PENTICTON - As bridges go, one wouldn’t think the new Satik bridge currently under construction at Green Avenue and the Channel Parkway in Penticton would be a very complicated project.
After all, it’s a small bridge, with a low span running a distance of 100 feet or so.
But there is more to the Satik Bridge than meets the eye say representatives of the Penticton Indian Band Development Corporation.
For instance, there were numerous technical, regulatory, tenure and environmental issues that needed to be resolved prior to the bridge clearing ministry approval for construction.
The Ministry of Environment, the Department of Fisheries and Oceans, the Ministry of Forests, Lands and Natural Resources, Canadian Wildlife Services and the Ministry of Transportation and Infrastructure all had regulations that needed approval before construction could begin.
The project had to start in early January in order to complete in-stream works within the Ministry of Environment’s window to protect fish and marine life in the channel.
Prior to the start of any physical work, a team of engineers including hydrogeologists, geotech engineers and bridge engineers spent nearly six months designing and achieving Ministry of Transportation approvals.
Over the past few weeks, piles have been driven into the east and west banks of the channel, ranging in depth from 80 to 95 feet. The piles are being driven to a required resistance as determined to meet the load bearing requirements of the bridge, which, at five lanes in width, is designed to handle 2,200 vehicles per hour.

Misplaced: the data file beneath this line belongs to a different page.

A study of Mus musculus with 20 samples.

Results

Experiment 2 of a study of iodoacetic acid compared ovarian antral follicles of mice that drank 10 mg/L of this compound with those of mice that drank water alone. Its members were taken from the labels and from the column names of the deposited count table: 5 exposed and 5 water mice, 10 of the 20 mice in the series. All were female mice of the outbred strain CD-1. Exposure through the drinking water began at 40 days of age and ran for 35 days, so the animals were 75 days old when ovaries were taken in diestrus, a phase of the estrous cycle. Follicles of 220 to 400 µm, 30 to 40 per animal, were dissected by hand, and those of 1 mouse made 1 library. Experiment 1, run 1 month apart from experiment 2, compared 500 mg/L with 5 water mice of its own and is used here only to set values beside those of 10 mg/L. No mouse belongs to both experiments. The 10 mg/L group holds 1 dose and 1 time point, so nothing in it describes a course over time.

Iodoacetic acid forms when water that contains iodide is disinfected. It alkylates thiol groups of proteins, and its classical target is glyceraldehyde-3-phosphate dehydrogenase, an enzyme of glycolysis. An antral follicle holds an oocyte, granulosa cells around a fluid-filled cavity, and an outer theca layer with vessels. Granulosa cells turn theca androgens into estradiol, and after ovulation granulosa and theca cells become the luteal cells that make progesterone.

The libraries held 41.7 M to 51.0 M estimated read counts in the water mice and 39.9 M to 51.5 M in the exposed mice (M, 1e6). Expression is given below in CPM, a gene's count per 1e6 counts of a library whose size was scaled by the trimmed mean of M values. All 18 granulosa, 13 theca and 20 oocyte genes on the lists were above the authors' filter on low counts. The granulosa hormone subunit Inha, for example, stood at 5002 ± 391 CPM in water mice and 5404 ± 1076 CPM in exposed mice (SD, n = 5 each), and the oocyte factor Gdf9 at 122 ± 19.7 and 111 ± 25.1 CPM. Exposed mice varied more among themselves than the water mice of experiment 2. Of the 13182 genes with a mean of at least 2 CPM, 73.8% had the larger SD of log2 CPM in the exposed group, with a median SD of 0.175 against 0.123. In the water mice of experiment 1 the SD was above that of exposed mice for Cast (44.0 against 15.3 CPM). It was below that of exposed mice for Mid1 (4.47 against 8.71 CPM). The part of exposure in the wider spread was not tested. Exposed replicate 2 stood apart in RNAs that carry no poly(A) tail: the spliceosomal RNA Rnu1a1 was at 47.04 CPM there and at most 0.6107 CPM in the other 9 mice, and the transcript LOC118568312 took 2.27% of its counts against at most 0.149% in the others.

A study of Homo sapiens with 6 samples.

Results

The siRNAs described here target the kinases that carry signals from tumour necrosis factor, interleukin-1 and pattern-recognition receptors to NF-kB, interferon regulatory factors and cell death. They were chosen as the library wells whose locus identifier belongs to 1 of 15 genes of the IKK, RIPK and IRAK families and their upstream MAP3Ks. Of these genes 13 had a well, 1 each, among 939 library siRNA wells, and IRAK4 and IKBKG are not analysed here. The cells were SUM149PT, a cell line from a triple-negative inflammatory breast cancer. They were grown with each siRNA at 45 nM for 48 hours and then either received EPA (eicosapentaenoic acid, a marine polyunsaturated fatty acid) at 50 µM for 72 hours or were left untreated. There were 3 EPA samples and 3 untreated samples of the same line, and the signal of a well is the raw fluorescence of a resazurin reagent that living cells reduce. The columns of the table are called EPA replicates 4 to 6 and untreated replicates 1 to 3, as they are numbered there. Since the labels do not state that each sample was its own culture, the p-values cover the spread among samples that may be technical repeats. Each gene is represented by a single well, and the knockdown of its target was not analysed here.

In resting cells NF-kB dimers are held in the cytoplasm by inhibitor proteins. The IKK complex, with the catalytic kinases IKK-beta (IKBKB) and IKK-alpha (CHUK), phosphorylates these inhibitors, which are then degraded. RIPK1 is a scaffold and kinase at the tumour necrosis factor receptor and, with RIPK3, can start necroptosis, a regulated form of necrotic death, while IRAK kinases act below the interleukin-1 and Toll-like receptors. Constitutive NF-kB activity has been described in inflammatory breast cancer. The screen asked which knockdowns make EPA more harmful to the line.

Tons of dirt lining the Channel Parkway’s currently closed lanes were removed from the channel during construction of the bridge’s support column.
A number of huge plastic totes sitting on the roadway will be placed in the channel to divert water away from the pilings and forms that will be used to make the support columns for the bridge.
The bridge is scheduled for completion in November 2015. Road development across the channel is expected within six months of the bridge’s completion, along with other infrastructure such as water, sewer and shallow utilities.
Traffic patterns along Green Avenue and the Channel Parkway are expected to remain as they are now until June, when it is hoped two lanes will be open for north and southbound traffic along Highway 97, in anticipation of heavier summer traffic. Access from Green Avenue is expected to be re-routed, with alternate routes well signed.
A spokesman for the PIBDC said the bridge proved to be an extremely difficult project to get all the necessary approvals for, but was considered very important to the Penticton Indian Band and the future economy of the region.